The endeavour to improve the wellbeing of women and children has been heightened with UK government’s pledge to provide Sierra Leoneans with one million bed nets. The West African state aims to offer every household in the country three long lasting insecticide treated bed nets by December 2010. Nearly three million nets are required to achieve the goal of universal coverage in the region and while pledges for two million have been previously made, progress has been accelerated by the UK’s assurance of a further million.
The new UK coalition government reaffirmed its dedication to the cause following a recent visit to Sierra Leone by the British International Development Minister, Stephen O’Brien. The International Development Secretary, Andrew Mitchell praised the government’s goal saying, ‘British aid for malaria in Sierra Leone will help prevent 4,400 children’s deaths every year. This is what British aid is about – saving lives and delivering results.’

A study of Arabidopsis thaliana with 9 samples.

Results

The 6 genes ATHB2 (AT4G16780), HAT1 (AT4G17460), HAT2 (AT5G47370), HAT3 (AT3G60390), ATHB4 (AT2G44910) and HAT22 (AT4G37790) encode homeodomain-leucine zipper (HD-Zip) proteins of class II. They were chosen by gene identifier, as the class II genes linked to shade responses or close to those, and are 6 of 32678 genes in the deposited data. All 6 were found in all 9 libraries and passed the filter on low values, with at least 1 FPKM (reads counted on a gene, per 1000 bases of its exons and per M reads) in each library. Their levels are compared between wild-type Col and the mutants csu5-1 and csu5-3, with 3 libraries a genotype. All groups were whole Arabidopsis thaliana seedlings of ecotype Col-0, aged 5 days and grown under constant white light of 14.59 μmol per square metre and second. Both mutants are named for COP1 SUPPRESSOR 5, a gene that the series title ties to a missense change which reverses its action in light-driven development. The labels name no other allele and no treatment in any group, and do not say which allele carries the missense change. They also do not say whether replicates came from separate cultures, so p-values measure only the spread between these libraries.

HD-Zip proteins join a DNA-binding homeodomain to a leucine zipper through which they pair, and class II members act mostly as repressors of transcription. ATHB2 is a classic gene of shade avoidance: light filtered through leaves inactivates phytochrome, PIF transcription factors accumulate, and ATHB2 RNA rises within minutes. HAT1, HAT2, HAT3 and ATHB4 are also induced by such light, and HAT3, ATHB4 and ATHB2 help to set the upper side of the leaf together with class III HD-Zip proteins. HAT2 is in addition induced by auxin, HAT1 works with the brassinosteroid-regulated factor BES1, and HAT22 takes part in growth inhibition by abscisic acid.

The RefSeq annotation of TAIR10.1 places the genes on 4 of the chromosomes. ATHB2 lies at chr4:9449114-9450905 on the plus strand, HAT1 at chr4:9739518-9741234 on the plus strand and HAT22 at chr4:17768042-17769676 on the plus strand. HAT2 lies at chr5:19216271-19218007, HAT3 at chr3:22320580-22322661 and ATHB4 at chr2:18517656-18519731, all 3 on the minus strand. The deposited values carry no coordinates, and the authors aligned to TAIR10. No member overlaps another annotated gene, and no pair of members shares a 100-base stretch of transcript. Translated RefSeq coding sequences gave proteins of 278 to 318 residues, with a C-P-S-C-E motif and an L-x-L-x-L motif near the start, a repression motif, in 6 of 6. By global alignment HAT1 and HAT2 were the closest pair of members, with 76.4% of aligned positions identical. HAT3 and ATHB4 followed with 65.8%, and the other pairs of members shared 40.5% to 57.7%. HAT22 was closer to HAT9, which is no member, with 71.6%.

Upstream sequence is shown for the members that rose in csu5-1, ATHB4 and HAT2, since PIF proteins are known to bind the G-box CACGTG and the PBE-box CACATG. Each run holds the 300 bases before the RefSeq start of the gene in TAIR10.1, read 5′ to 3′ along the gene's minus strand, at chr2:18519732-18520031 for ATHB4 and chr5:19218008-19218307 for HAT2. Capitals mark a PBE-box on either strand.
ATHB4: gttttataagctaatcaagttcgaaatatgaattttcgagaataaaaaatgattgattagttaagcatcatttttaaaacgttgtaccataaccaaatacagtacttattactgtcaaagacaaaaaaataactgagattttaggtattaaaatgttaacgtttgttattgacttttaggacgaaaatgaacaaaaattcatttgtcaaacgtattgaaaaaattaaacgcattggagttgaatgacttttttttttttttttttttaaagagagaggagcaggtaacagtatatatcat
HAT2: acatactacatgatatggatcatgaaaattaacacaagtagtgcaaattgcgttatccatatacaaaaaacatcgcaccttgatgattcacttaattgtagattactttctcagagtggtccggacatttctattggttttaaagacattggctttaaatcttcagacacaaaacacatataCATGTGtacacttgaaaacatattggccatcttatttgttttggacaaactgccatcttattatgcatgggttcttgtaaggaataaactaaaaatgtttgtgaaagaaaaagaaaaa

Concerns about suitable channels for distributing vital aid and resources in the region continue to be at the forefront of aid distribution debates. Some critics argue that observers are too easily distracted by how much aid is given to developing countries, while not enough consideration is given to where it ends up. Previous investigations like the BBC’s ‘Addicted to Aid’ have shown that some pharmacies in Sierra Leone exploit generous aid pledges by selling medicines and nets that should be free.
Malaria is responsible for a quarter of all deaths in the country and for nearly 40% of all hospital admissions. While support from aid donors through sustained commitments and comprehensive plans have the capacity to reduce diseases in countries like Sierra Leone, ensuring that channels of verification are in place so that aid is delivered to the people who need it most is just as imperative. The sustenance of the UK government’s pledge will therefore depend on effective mechanisms of accountability and methods for monitoring aid in Sierra Leone.